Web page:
Note: The TBR Pile series of posts aren’t strictly book reviews. It’s my excuse for writing a rambling blog post. While it will contain some of my thoughts about the book, I’ll may digress into other topics.
At the moment, my bookshelves are mostly unorganized. I say “mostly” because all the fiction books are together and all the non-fiction books are together, but that’s it. I haven’t really had time to organize them alphabetically. So when I made this year’s goal of trying to reduce my to-be-read pile, I simply started by picking the book that was closest to me. And that happened to be the urban fantasy novel Sixty-One Nails by Mike Shevdon. It was first published in 2009, which was approximately when I bought it, randomly at the bookstore. (Yes, I’m one of those people who sometimes buys random books at bookstores.) There are a lot of books on my TBR pile that I bought randomly simply because the back cover blurb sounded interesting.
Unlike a lot of people, I would rather not read series. And I thought this was a standalone since there was no indication on the cover otherwise. So I was rather surprised when I got to the end and there was an excerpt for a sequel. And according to the author’s website, this was simply the first in a quartet. In any case, I’m pretty sure I don’t want to continue on with the series. The first hundred pages was a bit of a slog before the plot picked up and I never really warmed up to any of the characters. The main character/narrator was, frankly, boring. If you’re going to bring the reader into his head, at least make him interesting. Instead he was rather bland–perhaps he was a blank slate for the reader to put themselves into his shoes. I know there are a number of readers who like to do that, but I’m not one of them.
While I thought a number of the elements in the story were too typical for the urban fantasy genre, it was really interesting how the author managed to weave a real world ceremony into the plot. It’s probably the best thing about this book.
Anyways, what’s really bothering me about the book now is the genetics. (Warning: if you don’t want any spoilers, don’t read further.) The main character of the book is part human and part Fey, specifically wraith. And it’s assumed that somewhere in the past, his wraith ancestor dallied with a human. That seemed like the logical conclusion even though the wraiths were part of the group of Fey called the Untainted because they didn’t want to mix with humans. The different courts of the fey are divided by what type of fey they are. The assumption was, if your parents were one type, then you would also be like them. Simple right?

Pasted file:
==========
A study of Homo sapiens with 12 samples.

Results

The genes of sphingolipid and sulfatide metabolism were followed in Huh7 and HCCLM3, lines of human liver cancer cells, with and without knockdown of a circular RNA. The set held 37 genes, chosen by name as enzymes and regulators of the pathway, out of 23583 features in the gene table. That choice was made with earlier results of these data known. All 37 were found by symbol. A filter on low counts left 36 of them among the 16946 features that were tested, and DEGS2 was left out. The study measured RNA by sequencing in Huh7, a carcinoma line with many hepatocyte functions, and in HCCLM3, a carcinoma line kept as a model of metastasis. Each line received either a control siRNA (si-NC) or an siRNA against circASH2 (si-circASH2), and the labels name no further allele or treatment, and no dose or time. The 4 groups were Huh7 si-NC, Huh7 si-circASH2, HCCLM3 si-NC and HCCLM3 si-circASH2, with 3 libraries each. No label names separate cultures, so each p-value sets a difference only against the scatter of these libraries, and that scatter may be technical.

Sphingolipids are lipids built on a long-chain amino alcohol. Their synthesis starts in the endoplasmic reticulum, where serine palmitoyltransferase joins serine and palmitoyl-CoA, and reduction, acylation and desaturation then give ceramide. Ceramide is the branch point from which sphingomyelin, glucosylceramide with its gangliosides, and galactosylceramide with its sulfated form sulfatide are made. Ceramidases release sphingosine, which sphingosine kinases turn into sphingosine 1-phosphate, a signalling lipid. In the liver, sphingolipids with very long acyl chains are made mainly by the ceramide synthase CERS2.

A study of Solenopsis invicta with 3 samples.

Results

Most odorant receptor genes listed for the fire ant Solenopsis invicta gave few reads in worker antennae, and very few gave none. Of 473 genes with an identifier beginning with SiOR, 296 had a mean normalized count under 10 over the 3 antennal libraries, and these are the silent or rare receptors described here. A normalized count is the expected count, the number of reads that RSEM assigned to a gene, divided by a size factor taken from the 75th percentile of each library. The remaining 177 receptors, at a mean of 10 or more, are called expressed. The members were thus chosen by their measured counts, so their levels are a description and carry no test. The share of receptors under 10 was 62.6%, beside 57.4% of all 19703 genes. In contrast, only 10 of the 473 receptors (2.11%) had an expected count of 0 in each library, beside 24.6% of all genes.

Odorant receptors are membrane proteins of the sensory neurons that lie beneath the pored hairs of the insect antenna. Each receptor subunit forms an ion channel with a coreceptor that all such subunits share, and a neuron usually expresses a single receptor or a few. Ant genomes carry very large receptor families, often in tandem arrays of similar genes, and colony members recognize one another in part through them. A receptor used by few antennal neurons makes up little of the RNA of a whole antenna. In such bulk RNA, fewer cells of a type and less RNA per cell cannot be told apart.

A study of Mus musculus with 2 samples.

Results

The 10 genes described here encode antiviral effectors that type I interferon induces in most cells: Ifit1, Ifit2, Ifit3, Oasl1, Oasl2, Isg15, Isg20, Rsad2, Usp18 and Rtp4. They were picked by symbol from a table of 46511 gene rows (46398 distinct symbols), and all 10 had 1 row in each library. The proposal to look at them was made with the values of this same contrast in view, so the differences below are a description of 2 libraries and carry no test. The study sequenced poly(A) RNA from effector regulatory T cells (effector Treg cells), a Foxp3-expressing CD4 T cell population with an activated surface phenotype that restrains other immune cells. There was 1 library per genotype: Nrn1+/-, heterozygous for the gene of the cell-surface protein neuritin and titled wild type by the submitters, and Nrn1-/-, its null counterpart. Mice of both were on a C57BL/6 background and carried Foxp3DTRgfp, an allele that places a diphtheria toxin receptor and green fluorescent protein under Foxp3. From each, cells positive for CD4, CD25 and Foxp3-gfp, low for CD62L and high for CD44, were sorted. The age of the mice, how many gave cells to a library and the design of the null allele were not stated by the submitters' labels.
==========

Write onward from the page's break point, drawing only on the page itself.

Not exactly. At the end of the book, we find out that mixing in human genes means that it would be completely random what kind of Fey you end up being. Which means that the main character’s ancestor could be a leprechaun for all he knows. This seems counterintuitive to the rest of the book. The main character’s companion/mentor is also part human, but her abilities were just like her mother’s. And since the other Fey did mix with humans, didn’t they have trouble trying to decide which court the kids belonged to if they turned out differently than their parents? And surely there had been other wraiths who had unexpectedly popped up in others’ family trees. If so, why didn’t they just start a new group of good wraiths to counter the bad ones? Or is the protagonist just that special?
Final verdict? Meh. If I weren’t trying to clean out my TBR pile, I would have probably stopped reading sometime before the second chapter and put it back on the shelf. I don’t know what I was thinking when I first bought it in 2009. Maybe my tastes have changed. There are some good points in the book, but not enough to make me want to read the next three books.
The next book on the pile is The Shape of Desire by Sharon Shinn, the 2012 Ace paperback edition. It’s another urban fantasy, this time about shape shifters. I have slightly higher expectations with this because I’ve read Shinn’s Samaria novels and liked them a lot.